3. The Doom That Came To Gotham
AKA: Batman Meets H.P. Lovecraft
Bruce Wayne and his three young wards- Dick, Jason, and Tim- have returned to Victorian Gotham from an expedition in the Arctic, where they discovered some deeply disturbing and many-tentacled dark things. Unfortunately, this causes a creeping terror to reveal itself in Gotham. This silly premise could be easily messed up; after all, Batman’s main appeal as a detective is his rationality, and that shouldn’t sit well with the mind-melting Lovecraftian brand of horror. However, as this is written by Mike Mignola, and beautifully illustrated in near-chiascuro, B.P.R.D style, you can put your worries aside, and enjoy a fascinating mix of Batman’s pulp roots with the antiquated, cosmic horror of Lovecraft.
2. Superman & Batman: Generations
AKA: Days of Our (Super) Lives
John Bryne takes writing and illustrating duties here with a story following the World’s Finest- and their offspring- from 1939 to 2919. After meeting at the Metropolis World’s Fair, Batman and Superman work together, eventually raising families who take over their mantles. Bryne knows the characters back to front, and portraying them as super best friends is a welcome change of pace for a reader of contemporary comics. By portraying the passage of time, Bryne is able to have a few affectionate pops at trends in comics: Mxyzptlk and Bat-Mite appear in the late 50s, spoofing the goofiness of that era, while the late 70s and 80s stories are notably darker than the rest of the comics. This is one of few Elseworlds which proved popular enough for a follow-up, getting not one but two sequel comics which covered different periods of time in the same timeline (and, in Generations III, an alternate timeline of the Elseworld itself!) The sequels are of varying quality, but the original is a cracking idea executed well- as would be expected from a master like Bryne.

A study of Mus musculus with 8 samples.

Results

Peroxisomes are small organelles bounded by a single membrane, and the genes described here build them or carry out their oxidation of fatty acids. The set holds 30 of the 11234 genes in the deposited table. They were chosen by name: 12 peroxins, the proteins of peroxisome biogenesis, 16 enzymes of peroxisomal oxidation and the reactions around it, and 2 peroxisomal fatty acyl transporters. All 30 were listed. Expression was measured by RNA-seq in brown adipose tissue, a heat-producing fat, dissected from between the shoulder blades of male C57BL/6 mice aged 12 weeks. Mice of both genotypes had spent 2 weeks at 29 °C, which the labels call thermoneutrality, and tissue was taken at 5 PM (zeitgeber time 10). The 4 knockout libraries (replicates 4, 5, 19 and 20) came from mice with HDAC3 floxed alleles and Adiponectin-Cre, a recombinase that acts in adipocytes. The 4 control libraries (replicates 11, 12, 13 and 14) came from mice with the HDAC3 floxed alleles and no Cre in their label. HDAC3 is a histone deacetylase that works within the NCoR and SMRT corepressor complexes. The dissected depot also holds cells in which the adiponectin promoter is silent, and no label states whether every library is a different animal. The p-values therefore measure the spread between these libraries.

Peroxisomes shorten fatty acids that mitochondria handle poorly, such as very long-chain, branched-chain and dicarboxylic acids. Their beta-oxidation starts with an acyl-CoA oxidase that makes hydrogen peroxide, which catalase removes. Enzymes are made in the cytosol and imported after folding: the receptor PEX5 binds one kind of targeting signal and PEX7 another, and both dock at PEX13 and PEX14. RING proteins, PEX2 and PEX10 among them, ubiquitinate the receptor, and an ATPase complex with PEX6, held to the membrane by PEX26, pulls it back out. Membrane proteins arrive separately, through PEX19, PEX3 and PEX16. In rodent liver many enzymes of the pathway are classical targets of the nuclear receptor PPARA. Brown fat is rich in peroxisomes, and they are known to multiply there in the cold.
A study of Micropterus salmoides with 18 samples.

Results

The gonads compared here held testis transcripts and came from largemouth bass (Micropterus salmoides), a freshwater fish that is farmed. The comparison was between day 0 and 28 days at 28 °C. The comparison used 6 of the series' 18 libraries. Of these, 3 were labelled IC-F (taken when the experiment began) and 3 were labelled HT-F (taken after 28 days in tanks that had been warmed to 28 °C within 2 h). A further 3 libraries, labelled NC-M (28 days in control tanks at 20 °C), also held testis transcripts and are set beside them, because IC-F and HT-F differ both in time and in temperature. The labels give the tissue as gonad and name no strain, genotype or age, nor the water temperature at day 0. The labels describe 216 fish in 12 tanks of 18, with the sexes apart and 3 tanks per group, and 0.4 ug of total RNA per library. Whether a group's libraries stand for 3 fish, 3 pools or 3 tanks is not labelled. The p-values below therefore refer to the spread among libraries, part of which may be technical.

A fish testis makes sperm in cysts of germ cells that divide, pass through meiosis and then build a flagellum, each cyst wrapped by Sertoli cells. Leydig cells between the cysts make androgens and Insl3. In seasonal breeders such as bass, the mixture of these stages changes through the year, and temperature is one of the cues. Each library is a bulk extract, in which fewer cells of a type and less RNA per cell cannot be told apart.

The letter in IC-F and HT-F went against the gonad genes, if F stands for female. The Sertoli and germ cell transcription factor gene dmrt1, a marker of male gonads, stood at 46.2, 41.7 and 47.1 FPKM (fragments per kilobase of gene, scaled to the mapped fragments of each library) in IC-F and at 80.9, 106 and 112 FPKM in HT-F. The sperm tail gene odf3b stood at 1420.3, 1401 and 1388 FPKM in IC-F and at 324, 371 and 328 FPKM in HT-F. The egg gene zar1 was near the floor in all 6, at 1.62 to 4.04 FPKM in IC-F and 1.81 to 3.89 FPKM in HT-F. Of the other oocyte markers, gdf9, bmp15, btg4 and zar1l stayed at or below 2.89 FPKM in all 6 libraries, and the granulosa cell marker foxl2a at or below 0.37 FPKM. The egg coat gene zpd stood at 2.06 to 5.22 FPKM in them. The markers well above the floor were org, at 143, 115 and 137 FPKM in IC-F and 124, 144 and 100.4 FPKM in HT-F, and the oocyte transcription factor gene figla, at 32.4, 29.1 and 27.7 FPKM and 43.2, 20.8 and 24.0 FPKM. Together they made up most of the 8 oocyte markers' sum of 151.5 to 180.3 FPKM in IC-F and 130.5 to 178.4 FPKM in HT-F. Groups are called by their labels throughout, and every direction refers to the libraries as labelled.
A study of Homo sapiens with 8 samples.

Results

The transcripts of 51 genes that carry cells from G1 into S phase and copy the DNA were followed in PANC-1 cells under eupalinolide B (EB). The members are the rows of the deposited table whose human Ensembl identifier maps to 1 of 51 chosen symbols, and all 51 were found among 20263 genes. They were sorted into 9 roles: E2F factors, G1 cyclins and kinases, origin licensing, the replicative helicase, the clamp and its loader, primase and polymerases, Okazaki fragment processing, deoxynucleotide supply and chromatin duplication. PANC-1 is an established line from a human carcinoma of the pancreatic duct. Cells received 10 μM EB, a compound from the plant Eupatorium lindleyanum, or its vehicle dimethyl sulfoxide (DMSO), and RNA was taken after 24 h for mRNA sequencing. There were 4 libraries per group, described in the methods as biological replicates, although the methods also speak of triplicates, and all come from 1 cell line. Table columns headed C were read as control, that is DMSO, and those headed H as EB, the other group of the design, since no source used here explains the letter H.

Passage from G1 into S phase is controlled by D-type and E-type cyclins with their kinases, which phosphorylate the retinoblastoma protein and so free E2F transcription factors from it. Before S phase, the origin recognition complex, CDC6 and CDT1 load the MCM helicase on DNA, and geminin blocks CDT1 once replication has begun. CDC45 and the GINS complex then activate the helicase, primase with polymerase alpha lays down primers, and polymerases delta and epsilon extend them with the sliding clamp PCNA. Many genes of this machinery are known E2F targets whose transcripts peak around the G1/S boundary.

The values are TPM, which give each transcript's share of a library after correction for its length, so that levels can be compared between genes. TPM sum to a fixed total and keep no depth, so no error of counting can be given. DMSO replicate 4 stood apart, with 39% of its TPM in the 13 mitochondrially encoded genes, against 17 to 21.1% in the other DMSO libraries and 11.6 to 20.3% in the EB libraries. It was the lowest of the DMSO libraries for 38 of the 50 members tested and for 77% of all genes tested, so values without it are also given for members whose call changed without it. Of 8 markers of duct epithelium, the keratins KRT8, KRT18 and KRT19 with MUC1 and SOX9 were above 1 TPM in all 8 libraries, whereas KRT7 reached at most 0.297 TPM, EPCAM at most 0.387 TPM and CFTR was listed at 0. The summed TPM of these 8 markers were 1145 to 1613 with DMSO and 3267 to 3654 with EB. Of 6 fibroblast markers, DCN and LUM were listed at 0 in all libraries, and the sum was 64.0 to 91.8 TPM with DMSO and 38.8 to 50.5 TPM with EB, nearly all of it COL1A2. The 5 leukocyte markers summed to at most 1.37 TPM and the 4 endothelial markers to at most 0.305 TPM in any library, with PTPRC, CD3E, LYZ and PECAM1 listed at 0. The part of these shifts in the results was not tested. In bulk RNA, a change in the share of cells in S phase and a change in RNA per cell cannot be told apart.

1. JLA: The Nail
AKA: Isn’t Superman Great?
JLA: The Nail explores an alternate history of the DCU, where Ma and Pa Kent miss picking up Superman’s spaceship, and so Superman never becomes a public figure to unite the DCU. The Justice League still exists, but it’s fractious and uneasy. An anti-metahuman campaign based on xenophobia has swept President Luthor to power, and whoever’s behind it is trying to kill off the League. Through clever misdirection, it’ll be a while before you realise the true culprit, and when you do it’s a legitimate shock. By using the limited nature of the Elseworlds properties to avoid having to pull its punches, and by examining a small change could alter the history of the DCU as we know it, this shows the best of what an Elseworlds comic can achieve.
So there you have it: six excellent insights into DC’s best properties, from an alternative point of view. Some other comics which do this, but which were not published as Elseworlds, include All-Star Superman, Superman: Red Son, and Superman: Secret Identity, all of which are also worth seeking out. Do you have a favourite Elseworlds title in this list? Or did you think Leatherwing was actually worth reading? Let us know in the comments, or reach us on Twitter!